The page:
Private Company Gets Permission to Go To The Moon
Moon Express has officially become the first private company in the world to receive permission to travel beyond Earth’s orbit. After months of conversations with government officials, the company received the green light from the FAA to venture to the moon in 2017.
“We are now free to set sail as explorers to Earth’s eighth continent, the Moon, seeking new knowledge and resources to expand Earth’s economic sphere for the benefit of all humanity.” Bob Richards, Co-founder and CEO of Moon Express
The announcement marks an important milestone for private companies in the space industry because, so far, all commercial space activities have been limited to operations within Earth’s orbit.
Moon Express was born out of the Google Lunar X-PRIZE, an international contest with $30 million up for grabs for a private company who can soft-land on the Moon and travel across its surface.
If successful, Moon Express will become the fourth entity in history to soft-land on the Moon. The first three were all superpowers – United States, U.S.S.R. and China – while Moon Express is privately funded and comprised of 26 entrepreneurs and engineers.
It’s important to note that the permission given to Moon Express doesn’t necessarily set a precedent for other companies. Naveen Jain, co-founder of Moon Express, told TechCrunch that this permission is a one-time exception for their company. Jain stated the U.S. government plans to take future requests to travel beyond Earth’s orbit on a case by case basis until laws governing this activity can be passed.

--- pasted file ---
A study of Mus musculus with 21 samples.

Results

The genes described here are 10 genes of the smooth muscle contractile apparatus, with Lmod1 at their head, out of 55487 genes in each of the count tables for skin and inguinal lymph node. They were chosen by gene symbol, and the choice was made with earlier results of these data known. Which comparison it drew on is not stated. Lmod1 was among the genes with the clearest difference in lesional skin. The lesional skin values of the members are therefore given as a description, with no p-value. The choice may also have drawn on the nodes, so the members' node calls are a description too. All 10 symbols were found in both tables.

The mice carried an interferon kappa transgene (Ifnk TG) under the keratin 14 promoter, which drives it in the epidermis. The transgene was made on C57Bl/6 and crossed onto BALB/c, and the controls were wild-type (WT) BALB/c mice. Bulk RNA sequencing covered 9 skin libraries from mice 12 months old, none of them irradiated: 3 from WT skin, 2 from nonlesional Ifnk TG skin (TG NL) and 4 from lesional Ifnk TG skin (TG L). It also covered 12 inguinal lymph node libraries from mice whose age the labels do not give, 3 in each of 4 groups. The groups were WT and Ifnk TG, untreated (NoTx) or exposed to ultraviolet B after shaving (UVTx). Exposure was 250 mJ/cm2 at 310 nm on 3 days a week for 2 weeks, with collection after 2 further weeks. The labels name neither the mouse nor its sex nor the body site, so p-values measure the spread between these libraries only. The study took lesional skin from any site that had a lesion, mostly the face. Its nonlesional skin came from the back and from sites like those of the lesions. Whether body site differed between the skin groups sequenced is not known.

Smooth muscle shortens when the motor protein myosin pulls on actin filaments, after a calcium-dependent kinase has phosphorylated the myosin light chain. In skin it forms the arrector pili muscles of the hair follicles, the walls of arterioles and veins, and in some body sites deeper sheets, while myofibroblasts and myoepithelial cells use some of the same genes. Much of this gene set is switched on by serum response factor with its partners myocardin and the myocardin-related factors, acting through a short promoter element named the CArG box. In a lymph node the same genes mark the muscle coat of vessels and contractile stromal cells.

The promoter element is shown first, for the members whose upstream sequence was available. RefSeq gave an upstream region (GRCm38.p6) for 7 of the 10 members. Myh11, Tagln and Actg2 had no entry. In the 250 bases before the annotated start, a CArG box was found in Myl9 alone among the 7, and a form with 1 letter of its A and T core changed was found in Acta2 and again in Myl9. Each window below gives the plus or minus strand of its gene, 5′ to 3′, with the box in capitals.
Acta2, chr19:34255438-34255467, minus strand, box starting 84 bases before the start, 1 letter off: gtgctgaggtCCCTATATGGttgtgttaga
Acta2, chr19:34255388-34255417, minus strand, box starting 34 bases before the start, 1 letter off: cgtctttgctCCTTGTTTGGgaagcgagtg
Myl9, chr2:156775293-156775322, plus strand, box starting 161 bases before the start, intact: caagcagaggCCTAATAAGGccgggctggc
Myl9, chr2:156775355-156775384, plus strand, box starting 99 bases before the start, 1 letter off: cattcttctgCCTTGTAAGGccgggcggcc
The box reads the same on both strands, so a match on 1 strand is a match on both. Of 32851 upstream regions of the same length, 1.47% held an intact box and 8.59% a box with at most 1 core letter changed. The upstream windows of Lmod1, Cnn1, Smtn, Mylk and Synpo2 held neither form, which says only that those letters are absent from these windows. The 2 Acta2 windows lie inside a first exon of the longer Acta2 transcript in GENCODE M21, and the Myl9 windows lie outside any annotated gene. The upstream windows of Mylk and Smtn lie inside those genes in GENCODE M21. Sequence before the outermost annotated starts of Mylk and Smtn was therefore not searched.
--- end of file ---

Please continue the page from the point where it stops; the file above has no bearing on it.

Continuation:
Moon Express was helped by the Commercial Space Launch Competitiveness Act . If this is the start of a trend, the opportunities will be limitless:
…“We don’t start a company to win a prize. Winning the Google Lunar X-PRIZE would just be the icing on the cake. We choose to go to the moon because it’s good business.”
In the future, the company expects to make money by harvesting resources on the Moon, like water and Helium-3, creating a fuel depot on the surface and eventually performing round-trip missions with the capability of bringing payloads back to the Earth. By the end of the year, Moon Express plans to double their employee base to over 50 people.
Jain told TechCrunch that he believes this is just the beginning of private companies’ presence in deep space and that the way people will make money in space is only limited by our imagination.